On March 26, 2019, the EU Parliament eventually adopted the final text of the EU Directive on Copyright in the Digital Single Market (“EU Copyright Directive”), based on the EU Commission proposal no. 2016/0280.
The EU Copyright Directive gave rise to a huge debate among EU institutions and the relevant stakeholders in the last three years, with particular reference to its provisions concerning so-called “link-tax” and “web-filtering” for content-sharing platforms. Some of the stakeholders even argued that freedom of expression on the Internet would be threatened by the enactment of the Copyright Directive. The EU Copyright Directive must be implemented by member states within 24 months of its forthcoming publication in the Official Journal of the European Union.
The purpose of this post is to provide an overview of the most interesting¬—and debated— provisions of the EU Copyright Directive.
Such provision requires member states to provide:
a) publishers of press publications established within EU, with the right to prior authorize the online use of their press publications by online operators (information society service providers); and
b) conversely, publishers of press publications and authors of works incorporated in the press publication, with the right to receive an appropriate share of the revenues that press publishers receive for the use of their press publications by online operators.
It is worth noting that the above obligations do not apply to
(a) private / non-commercial uses of press publications by individual users;
(c) individual words / very short extracts of the press publication.
Further, the provision specifies that, should a work be incorporated in a publication based on a non-exclusive license, the publishers’ right to prior authorization shall not be exercised in a way that prohibits other authorized users from using the work.
The rights granted to publishers of press publications expire within two years from the publication (bearing in mind that such two-year term starts from January 1 of the year following the publication).
This finally approved version of “link-tax” appears to widen the scope of the exceptions to the general prior authorization mechanism: Indeed, link-tax is not applicable for hyperlinking and “very short extracts” (so called “snippets”). That said, the expression “very short extracts” could give rise to different interpretations across EU member states: In this respect, the adoption of guidelines/clarifications from EU institutions would contribute to clarify the scope of this exception.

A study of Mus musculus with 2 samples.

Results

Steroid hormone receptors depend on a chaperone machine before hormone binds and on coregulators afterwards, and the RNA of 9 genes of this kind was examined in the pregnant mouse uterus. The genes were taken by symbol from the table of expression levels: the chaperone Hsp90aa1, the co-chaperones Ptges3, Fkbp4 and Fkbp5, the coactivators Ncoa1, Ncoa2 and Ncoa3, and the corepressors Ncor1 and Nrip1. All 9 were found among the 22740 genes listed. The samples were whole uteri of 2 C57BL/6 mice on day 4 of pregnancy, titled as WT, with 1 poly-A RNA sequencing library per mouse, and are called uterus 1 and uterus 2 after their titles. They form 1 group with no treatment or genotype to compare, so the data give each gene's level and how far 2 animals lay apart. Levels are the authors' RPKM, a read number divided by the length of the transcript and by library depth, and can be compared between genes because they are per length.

It is also worth noting that member states retain a broad discretionary power for determining the “adequacy” of the share of revenues to be assigned to authors. This may lead to different solutions across member states (having adopted different approaches on the “fair value / compensation” mechanisms).
Pursuant to Article 17 of the EU Copyright Directive, online content-sharing service providers (e.g. YouTube, Twitter and Facebook) are considered to carry out an act of communication to the public anytime copyrighted content is uploaded on their platform by users. Therefore, such providers are required to obtain authorization from the rightholders—for instance, by concluding a licensing agreement—in order to make available the relevant works through their platforms.
The final version of the EU Copyright Directive does not contain any specific obligations against the above providers concerning the adoption of “web-filtering” measures (as in the first draft of EU Commission proposal). For more details on Article 17 of the EU Copyright Directive, read our post on this topic.
The EU Copyright Directive provides for several exceptions to the general need for rightholders’ prior authorization, should the activity consist of “text and data mining”, i.e. automated analytical techniques aimed at analyzing text and data in digital form, in order to generate patterns, trends, correlations, etc.
Any text and data mining activity carried out on lawfully accessible works shall be provided with an exception, to be further defined by member states through local laws. No specific retention period is set forth, so that reproductions and extractions may be retained for as long as necessary for the purposes of text and data mining.
The above exception applies only to the extent rightholders have not expressly reserved such activity “in an appropriate manner, such as machine readable means in the case of content made publicly available online.”
Article 18 affirms a general principle according to which authors and performers, within the execution of a contract for the exploitation of the rights on their works, must receive adequate and proportionate remuneration. Additionally, Recital 24 provides for a remuneration mechanism that calculates compensation on a flat-rate basis in the case of the use of a work for educational purposes. Lastly, it should be noted that, pursuant to Article 22 - “Right of revocation”, authors/performers may revoke completely or in part the license or the transfer of rights on a certain work, should that work not be exploited for a certain period.